Any limits to supercomputer processing speed?

by Mark Ollig

Copyright © 2016 Mark Ollig

Three years ago, I wrote about a supercomputer which could process data at “an amazing 33.86 quadrillion calculations per second.”

Yes, this is a challenging number to wrap our heads around.

The supercomputer was made in China, and is called the TH-2 (Tianhe-2) High Performance Computer System.

The TH-2 can perform 33.86 TFlop/s or Trillion-Floating-point operations (calculations) per second as measured in “Teraflops” computing speed.

TOP500 benchmarks and ranks the top 500 most powerful, commercially available computer systems by the speed in which they solve a set of linear equations, using floating-point arithmetic.

Supercomputers use their incredible processing power to explore subjects such as: quantum mechanics, astrophysics, our planet’s weather, energy shortages, pollution, and global climate changes.

Science, research, and engineering requiring complex calculations are modeled using supercomputer’s processing abilities – which are far faster than on today’s best personal computing devices – or yours truly’s 4-year-old Apple MacBook.

Supercomputing technology is used to assist in new medical drug discoveries, precision medicine research, and simulations and optimization for high-speed trains, aircraft, automobiles, and I imagine, military simulation scenarios.

The US Department of Energy (DOE) national labs has supercomputers available for universities, other academia, and private sector companies.

This year, the fastest supercomputer in the world performed a mind-boggling 93 quadrillion calculations per second.

Let’s try wrapping our heads around 93,000,000,000,000,000 (93 quadrillion) calculations per second, or 93 petaflops (93 million billion) floating-point operations per second.

One petaflops is equal to 1,000 teraflops, or 1,000,000,000,000,000 (quadrillion), or, a thousand trillion floating-point operations per second.

Once again, China is the maker of the number one ranking supercomputer, per the TOP500.

Sunway TaihuLight is the name given by China for this newest supercomputer.

This supercomputer, equipped with 10,649,600 computing processing cores, was developed by China’s National Research Center of Parallel Computer Engineering and Technology.

The Sunway TaihuLight is twice as fast as its predecessor, the Tianhe-2, and uses Chinese-made ShenWei computer processing chips.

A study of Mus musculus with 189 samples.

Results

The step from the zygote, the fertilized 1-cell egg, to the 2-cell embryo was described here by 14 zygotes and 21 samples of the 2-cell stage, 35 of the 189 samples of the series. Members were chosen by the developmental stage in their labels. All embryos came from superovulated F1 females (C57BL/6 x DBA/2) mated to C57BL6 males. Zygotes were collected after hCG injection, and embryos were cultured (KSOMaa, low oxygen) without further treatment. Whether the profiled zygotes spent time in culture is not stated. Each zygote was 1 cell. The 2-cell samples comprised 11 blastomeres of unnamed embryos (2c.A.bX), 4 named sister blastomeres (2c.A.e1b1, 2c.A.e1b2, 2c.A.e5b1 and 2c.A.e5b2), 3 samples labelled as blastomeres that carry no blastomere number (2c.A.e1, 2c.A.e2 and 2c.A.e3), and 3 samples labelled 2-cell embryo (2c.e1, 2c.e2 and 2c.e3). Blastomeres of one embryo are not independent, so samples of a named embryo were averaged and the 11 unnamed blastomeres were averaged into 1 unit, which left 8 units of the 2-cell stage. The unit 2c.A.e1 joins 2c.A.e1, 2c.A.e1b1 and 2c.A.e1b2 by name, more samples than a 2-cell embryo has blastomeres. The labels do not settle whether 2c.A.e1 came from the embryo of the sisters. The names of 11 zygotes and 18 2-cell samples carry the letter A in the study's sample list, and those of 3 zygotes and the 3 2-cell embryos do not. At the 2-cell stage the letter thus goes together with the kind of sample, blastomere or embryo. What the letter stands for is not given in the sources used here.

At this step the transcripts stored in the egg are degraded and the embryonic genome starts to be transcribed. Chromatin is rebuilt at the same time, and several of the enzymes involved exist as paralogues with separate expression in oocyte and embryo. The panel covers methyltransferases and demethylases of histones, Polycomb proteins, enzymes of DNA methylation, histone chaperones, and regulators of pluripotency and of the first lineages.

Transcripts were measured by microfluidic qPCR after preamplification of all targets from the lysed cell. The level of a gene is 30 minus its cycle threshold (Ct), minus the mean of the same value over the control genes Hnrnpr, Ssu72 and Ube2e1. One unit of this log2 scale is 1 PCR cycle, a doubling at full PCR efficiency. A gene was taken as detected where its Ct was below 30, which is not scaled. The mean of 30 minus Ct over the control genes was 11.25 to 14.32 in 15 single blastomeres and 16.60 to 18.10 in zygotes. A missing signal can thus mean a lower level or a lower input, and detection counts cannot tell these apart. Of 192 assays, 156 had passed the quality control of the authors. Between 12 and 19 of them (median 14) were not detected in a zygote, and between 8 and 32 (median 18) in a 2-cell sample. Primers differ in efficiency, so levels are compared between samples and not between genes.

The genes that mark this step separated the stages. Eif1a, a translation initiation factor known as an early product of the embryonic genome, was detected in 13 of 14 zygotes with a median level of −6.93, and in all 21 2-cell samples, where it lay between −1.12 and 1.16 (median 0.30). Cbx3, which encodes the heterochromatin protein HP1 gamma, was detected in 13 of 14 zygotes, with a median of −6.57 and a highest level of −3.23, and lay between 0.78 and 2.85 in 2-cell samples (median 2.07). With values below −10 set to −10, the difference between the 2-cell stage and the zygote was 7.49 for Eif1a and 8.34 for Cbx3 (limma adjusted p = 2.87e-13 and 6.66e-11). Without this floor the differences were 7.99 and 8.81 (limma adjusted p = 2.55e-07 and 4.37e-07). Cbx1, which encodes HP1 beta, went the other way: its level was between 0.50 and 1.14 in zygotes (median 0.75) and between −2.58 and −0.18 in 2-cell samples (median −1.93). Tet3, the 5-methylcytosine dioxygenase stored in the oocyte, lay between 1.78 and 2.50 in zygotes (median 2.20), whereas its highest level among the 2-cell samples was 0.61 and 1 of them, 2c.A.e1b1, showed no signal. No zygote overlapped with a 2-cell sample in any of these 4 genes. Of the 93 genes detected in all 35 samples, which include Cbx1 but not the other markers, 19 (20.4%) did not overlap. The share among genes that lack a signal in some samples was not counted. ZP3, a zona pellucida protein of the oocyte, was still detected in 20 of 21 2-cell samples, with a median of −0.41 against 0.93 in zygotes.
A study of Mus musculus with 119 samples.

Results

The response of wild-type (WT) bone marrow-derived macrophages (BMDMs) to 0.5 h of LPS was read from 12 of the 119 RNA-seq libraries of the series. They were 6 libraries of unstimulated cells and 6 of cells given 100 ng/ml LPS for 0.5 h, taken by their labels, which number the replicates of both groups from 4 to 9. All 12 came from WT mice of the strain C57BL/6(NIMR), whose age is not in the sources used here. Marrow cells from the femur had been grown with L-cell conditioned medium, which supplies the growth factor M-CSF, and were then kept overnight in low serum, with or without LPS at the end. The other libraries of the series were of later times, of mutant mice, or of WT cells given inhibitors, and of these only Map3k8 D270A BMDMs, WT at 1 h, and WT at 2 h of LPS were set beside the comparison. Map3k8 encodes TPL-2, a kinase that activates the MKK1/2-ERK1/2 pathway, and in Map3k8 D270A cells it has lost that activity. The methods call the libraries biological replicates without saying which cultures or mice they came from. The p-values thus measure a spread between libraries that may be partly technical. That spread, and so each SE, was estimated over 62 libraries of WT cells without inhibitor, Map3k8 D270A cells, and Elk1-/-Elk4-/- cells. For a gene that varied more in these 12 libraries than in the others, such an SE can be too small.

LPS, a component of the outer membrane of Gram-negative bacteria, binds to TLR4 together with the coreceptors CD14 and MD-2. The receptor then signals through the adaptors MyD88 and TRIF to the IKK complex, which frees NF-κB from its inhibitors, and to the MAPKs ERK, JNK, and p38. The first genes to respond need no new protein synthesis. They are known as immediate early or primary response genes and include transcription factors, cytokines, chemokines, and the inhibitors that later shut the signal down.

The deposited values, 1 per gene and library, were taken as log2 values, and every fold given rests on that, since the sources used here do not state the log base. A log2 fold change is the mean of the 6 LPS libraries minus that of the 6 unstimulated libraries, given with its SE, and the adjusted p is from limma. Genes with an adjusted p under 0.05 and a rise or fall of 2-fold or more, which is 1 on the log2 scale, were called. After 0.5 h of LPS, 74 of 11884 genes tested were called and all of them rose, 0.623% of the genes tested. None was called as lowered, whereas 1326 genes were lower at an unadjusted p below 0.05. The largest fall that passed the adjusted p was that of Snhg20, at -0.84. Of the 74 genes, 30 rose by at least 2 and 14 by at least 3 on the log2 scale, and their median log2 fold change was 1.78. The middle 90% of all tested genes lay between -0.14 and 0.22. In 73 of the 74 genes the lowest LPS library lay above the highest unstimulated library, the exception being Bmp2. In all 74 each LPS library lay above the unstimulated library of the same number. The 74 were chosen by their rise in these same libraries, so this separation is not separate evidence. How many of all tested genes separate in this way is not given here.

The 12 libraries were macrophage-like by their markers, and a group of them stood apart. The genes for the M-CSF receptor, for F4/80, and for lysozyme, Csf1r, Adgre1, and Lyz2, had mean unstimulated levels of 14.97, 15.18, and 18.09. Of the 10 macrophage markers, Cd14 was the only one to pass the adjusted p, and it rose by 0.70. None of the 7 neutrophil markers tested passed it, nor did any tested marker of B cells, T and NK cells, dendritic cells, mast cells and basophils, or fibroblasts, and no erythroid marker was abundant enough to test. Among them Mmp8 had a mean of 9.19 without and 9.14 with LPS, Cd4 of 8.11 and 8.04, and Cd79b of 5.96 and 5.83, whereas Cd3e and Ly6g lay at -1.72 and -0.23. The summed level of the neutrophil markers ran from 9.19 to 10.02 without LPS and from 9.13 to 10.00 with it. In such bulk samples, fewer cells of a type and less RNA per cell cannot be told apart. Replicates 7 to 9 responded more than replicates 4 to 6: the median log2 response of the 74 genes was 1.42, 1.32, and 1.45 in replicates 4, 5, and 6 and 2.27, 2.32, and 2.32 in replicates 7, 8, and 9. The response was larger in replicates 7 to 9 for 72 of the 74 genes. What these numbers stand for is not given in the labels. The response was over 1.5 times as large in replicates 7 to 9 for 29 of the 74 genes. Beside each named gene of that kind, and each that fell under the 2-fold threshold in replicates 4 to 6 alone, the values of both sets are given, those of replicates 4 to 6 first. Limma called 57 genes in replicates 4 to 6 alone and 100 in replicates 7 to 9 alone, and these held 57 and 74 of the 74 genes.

The processor chips used with the Tianhe-2 were made by Intel.

The Sunway TaihuLight has a peak processing performance level stated as being 125 petaflops.

So, where does the United States stand in the supercomputer rankings?

The Titan – Cray XK7, with 560,640 computing cores, 710 terabytes (710,000 gigabytes) of memory, and a peak processing speed exceeding 27,000 trillion calculations per second (27 petaflop/s), is made by Cray Inc. in the US, and ranks third in the TOP500.

The number-two spot still belongs to the Tianhe-2 from China.

In fact, China has 167 supercomputers on the Top500 listings, with the US having 165.

The latest supercomputers operate in the quadrillion, or TFlop/s processing range.

The next “big thing” in supercomputing processing will be an “E-Scale supercomputer” which will process calculations per second on the exascale level of an “exaflop,” or a million trillion calculations per second.

A future supercomputer processing 1 Eflop/s (Exaflops) would possess processing power equal to 1,000 Pflop/s (one thousand petaflops).

The DOE has an Exascale Computing Initiative group currently working on exascale speeds achieving 1 Eflop/s processing speeds.

Exascale processing may be available by 2023 – the DOE originally planned for 2020.

During the recent 12th HPC Connections Workshop in Wuhan, China, Beihang University Professor Depei Qian, who is director of China’s high-performance computing project, talked about China’s own aggressive exascale program.

China plans on having an exascale Exaflop/s supercomputer working in 2020.

And so, my dear readers, in the not-too-distant future, the world will witness the first supercomputer to break the processing speed barrier of 1 quintillion (1,000,000,000,000,000,000) calculations per second.

Now, that’s a number to wrap one’s head around.

Which country will break the exascale supercomputing processing barrier first?

Your continuously-processing columnist’s brain is monitoring supercomputing advancements, and will report future updates as warranted.

Is there a limit to supercomputer processing speed?

So far, we haven’t reached one.

My online social media messages are processed at a reasonable 140 cp/t (characters per tweet) via the @bitsandbytes user handle found on Twitter.